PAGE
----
Tuesday, 9 December 2014

A musical interlude

Another of the vignettes I did for the "Mayhem in the Med., c.1565" game for the Wargamer Show was a group of musicians to bolster Turkish morale. Music was a big part of their armed forces, with crashing cymbals, banging drums, horns, pipes, "jingling johnnies" and other such paraphernalia all present, the ensuing cacophony designed to both embolden the Turks and demoralise their enemies.

So here is my little Mehterhane group, made up of Old Glory musicians from their Ottoman spearmen and archers packs (you get six assorted command in these packs along with 24 spearmen or archers, or at least, I did!) plus a Gripping Beast Arab.

In the game, they were going to give a morale re-roll or similar to troops within a certain range, but we were so keen to get the combat troops into action that we left the band at the back!


Old Glory drummer figure

The imposter in the group is this Gripping Beast Arab.

And another Old Glory figure, this time with bugle/ trumpet/ similar. I imagine the trio as a sort of jazz combo.

Sunday, 7 December 2014

Turkish Command

I have painted numerous command figures for the Turkish/ North African alliance, covering officers, standard bearers and musicians. I decided, however, that I wanted something a little more than battalion/ orta/ mob leaders, so created this mini-vignette to show someone a bit higher up the chain of command.

The figures are all Old Glory, from different packs I cannot now be certain of identifying accurately, with the addition of a flag from one of the "By Fire & Sword" 15mm Ottoman sets (Feudal Spahis I think) and a plastic shield from the Gripping Beast Arab plastic boxed set.

Together, they represent my attempt at a Janissary Aga and a Bey of some sort or other. I hope you like the little group.

In the actual game, I see them making everything within 6" unbreakable or something, or giving a morale re-roll. We will see.


Cheering on the boys. (I have no idea what the writing on the banner means).

One thing I realised is that I did not really know what Muslim shields of this (or any!!!) era were likely to appear like. This example is based on a pattern from a tile!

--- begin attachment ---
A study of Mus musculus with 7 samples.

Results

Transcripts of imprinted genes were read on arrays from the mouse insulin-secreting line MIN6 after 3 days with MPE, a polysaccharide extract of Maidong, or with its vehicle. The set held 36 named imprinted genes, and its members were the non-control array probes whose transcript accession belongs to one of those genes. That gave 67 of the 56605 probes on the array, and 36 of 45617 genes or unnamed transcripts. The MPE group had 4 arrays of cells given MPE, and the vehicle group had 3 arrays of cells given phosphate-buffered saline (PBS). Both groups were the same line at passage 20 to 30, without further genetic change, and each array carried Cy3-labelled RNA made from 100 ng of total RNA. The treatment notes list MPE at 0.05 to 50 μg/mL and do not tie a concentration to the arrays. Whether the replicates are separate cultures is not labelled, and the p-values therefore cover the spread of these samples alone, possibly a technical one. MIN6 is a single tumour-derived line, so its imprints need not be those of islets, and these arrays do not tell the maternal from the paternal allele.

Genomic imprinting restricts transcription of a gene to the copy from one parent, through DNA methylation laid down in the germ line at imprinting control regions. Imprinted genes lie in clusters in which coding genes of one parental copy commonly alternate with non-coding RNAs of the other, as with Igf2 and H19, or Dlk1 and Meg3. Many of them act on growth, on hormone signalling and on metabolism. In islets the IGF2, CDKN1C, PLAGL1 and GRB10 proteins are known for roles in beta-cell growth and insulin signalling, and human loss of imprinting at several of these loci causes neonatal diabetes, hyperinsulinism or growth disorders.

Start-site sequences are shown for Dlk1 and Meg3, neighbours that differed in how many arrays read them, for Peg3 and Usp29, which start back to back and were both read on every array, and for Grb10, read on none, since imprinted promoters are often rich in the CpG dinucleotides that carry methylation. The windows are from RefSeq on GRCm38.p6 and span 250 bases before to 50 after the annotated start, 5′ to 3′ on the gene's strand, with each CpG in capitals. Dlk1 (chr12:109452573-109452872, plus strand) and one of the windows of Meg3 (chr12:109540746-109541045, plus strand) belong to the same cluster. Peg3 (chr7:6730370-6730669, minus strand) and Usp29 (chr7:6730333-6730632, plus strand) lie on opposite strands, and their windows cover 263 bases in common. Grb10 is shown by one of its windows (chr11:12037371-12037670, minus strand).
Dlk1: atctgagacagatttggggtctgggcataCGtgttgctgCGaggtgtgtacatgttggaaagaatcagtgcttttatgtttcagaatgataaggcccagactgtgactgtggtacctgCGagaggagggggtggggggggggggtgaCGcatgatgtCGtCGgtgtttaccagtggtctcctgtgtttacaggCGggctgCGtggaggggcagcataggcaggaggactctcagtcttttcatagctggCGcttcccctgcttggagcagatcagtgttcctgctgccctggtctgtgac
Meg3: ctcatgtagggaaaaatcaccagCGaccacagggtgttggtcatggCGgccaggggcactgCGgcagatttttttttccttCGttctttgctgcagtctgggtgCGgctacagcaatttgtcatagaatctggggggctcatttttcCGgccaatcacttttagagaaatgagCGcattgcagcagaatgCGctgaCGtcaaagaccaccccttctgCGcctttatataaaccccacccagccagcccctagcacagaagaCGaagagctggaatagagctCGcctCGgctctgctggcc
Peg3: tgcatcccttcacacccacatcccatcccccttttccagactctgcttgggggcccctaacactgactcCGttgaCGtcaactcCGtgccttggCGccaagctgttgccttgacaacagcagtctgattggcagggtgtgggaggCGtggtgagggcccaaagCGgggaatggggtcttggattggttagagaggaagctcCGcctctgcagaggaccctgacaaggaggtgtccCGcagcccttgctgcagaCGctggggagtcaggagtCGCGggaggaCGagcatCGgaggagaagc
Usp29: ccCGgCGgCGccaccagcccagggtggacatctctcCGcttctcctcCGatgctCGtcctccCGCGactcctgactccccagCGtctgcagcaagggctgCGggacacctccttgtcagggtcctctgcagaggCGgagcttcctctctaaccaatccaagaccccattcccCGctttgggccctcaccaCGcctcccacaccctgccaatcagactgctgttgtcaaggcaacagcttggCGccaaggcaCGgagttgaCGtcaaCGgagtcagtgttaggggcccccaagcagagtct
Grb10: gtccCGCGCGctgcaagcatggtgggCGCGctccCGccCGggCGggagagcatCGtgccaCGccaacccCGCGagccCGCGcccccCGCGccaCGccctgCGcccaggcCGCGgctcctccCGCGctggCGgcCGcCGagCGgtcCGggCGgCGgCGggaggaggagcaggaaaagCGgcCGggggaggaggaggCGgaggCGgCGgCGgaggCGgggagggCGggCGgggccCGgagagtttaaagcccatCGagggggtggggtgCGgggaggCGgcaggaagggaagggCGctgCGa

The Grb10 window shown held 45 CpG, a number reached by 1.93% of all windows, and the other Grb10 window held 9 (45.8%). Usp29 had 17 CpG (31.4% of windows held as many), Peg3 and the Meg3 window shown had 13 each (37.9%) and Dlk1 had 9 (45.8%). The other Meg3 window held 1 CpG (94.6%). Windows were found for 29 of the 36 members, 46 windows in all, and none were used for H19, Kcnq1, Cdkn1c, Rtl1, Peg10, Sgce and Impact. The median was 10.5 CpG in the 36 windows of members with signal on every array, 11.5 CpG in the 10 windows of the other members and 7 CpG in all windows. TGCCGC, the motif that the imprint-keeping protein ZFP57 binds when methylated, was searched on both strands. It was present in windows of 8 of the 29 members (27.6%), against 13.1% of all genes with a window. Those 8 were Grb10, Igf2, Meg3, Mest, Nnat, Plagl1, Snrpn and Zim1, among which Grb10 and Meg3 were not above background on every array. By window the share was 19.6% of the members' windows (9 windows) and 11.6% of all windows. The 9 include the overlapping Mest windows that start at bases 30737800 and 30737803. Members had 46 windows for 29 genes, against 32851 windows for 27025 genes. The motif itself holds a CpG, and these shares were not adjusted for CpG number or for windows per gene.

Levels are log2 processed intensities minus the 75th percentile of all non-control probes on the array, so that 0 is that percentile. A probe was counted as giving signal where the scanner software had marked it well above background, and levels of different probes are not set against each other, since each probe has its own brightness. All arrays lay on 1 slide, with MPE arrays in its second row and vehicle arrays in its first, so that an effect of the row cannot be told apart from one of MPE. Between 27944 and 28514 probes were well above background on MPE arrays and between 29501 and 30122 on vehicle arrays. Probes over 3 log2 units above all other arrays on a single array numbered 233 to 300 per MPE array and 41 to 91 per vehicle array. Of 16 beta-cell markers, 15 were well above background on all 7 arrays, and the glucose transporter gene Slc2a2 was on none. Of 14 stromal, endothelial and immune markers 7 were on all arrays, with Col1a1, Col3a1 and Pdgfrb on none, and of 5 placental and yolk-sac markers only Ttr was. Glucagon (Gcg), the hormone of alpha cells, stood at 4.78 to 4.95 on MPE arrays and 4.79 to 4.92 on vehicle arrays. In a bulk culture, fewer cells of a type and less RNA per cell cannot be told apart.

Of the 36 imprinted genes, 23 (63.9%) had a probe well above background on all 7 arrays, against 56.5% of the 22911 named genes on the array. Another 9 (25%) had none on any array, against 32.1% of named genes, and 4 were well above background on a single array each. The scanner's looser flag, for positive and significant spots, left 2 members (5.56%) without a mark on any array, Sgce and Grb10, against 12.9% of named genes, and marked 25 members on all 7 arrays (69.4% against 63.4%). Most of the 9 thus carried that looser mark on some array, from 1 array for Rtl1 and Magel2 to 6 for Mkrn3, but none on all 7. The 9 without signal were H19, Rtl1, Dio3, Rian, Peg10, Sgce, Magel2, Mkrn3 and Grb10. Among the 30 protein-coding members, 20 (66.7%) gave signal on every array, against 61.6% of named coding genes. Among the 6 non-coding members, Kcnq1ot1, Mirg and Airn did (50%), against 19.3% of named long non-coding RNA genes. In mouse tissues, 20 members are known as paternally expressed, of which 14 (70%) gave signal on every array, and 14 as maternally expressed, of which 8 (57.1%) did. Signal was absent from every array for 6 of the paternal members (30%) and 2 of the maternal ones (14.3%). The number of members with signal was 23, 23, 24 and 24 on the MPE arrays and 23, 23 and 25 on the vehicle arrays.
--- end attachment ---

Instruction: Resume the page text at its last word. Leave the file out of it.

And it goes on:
I wonder if they are feeling confident of success...

Saturday, 6 December 2014


"Hero" is surely one of the most over-used terms in the English language. I guess the problem is that it means different things to different people.

Scoring the winner in a major final? Saving a child from danger? Charging the guns at a crucial point in a battle? This is just the tip of the iceberg.

But one character I would proffer as a true "Hero" is the guy I have depicted here, painted specifically for the "Mayhem in the Med., c.1565" game we Wyrley Retinuers are taking around a few shows this year, Jean Parisot de la Valette.

Finished just a couple of days before last Sunday's Wargamer show (photos to follow of that event when I can download them!), this small piece of metal alloy is a miniature version of the Grand Master of the Order of the Knights of St John of Jerusalem, who led the Christian defence of Malta when the Turkish attack came. That a chap in his seventies could lead a Military Order was one thing, but he was no shrinking violet or desk-jockey during the siege and assaults, being wounded in combat at one point. This was an old fella with the fire of youth still burning strongly in his bones! When the besieged towns of Birgu and Senglea were rebuilt after the successful defence of the island against the Turks and North Africans, they were renamed Valetta in his honour, and that is the name they still bear to this day, a lasting testimony. He inspired respect in his contemporaries, awe in his enemies and his judgement during the siege was spot on.

And if that is not enough, when his "mini-me" got into combat last Sunday, he took all before him and promptly threw the assault back single-handedly. But that is a story for another time...


An Old Glory figure from their "Wars of Religion" range, his shield is my interpretation of a drawing in George Gush's "Renaissance Armies" book, published by PSL.

This is the drawing from page 31 of Gush's book that is the inspiration for Valette's shield. I have coloured it how I think, so my interpretation is a little conjectural.

His base is a 40mm Gale Force 9 magnetic one. As he is destined to feature probably solely in the "Malta" game, I am not concerned with him having such a large and non-generic base. The other troops I have for the game are almost all based on 20mm squares, so I can place them together within a movement tray for more conventional games.